Research Article| Volume 56, 103272, November 2021

UK variance in DMT advice and prescribing in MS and pregnancy: Impact of the UK consensus on pregnancy in multiple sclerosis ABN guidelines

Published:September 24, 2021DOI:


      • We performed a nationwide survey in order to assess the impact of the UK MS pregnancy guidelines and variation in practice across the UK.
      • The survey consisted of 27 questions about MS management and disease modifying treatment (DMT) prescribing prior to and during pregnancy.
      • We were able to obtain responses from a significant number of MS specialists from across the UK.
      • Whilst practice is evolving, significant variation is still seen between neurologists regarding treatment of MS in pregnancy. There is a need to continually update and communicate guidelines, particularly as recommendations change with increasing evidence.



      The ABN Multiple Sclerosis (MS) pregnancy guidelines set out to combine best current evidence with expert consensus. They were developed to provide a practical framework to support neurologists when counselling women with MS regarding pregnancy. A key objective was to reduce variation in practice and increase clarity for patients in an area of uncertainty.


      In order to assess the impact of these guidelines on practice, and assess ongoing areas of need, we conducted an online survey about MS and pregnancy. This survey was cascaded via email to UK neurologists between December 2019 and January 2020. Individuals completed this questionnaire anonymously.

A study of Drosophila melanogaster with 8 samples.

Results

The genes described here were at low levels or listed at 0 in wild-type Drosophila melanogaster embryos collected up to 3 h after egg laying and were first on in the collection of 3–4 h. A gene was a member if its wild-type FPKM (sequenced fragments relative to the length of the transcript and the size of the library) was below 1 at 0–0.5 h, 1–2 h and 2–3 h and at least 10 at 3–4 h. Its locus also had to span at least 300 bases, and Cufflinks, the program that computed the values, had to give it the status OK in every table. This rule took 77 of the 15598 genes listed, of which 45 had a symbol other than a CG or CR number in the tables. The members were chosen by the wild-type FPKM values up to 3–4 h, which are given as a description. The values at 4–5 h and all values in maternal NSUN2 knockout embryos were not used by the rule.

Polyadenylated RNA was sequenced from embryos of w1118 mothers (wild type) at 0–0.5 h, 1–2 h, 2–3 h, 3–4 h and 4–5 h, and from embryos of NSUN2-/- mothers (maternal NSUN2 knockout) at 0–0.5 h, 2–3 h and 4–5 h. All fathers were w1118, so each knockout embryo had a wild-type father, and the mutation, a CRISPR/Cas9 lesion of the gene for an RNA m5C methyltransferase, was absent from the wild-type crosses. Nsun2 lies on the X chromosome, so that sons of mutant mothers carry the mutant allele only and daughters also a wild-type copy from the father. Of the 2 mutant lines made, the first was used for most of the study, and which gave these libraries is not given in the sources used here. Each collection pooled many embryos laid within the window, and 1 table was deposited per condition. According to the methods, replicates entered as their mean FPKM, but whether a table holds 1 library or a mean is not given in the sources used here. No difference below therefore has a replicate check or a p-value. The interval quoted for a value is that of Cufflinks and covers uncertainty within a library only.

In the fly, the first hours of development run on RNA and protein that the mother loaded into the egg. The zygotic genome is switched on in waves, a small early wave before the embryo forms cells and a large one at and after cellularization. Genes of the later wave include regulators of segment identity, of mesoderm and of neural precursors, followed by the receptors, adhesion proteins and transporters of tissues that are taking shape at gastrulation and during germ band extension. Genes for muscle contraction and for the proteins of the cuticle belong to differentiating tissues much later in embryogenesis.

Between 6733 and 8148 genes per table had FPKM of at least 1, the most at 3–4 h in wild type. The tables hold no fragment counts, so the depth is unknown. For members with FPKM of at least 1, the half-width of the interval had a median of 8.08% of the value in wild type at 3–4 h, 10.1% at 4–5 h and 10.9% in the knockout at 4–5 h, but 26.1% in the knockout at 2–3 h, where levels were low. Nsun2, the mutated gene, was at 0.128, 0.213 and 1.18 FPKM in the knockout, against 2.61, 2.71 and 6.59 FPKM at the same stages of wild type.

The majority of respondents reported changing their prescribing practice with interferon-beta preparations (IFN-B) and natalizumab. The ABN guidelines were the most commonly cited reason for change (76%). However, there was considerable variation in advice regarding the use of both DMTs in pregnancy.


      There is substantial variation in advice given to women with MS around pregnancy, and this is reflected in prescribing practice by UK Neurologists. Awareness of national guidelines is good, and these have driven change in a majority of MS neurologists. There remains the need to continually update and communicate these guidelines, particularly as recommendations evolve with increasing evidence.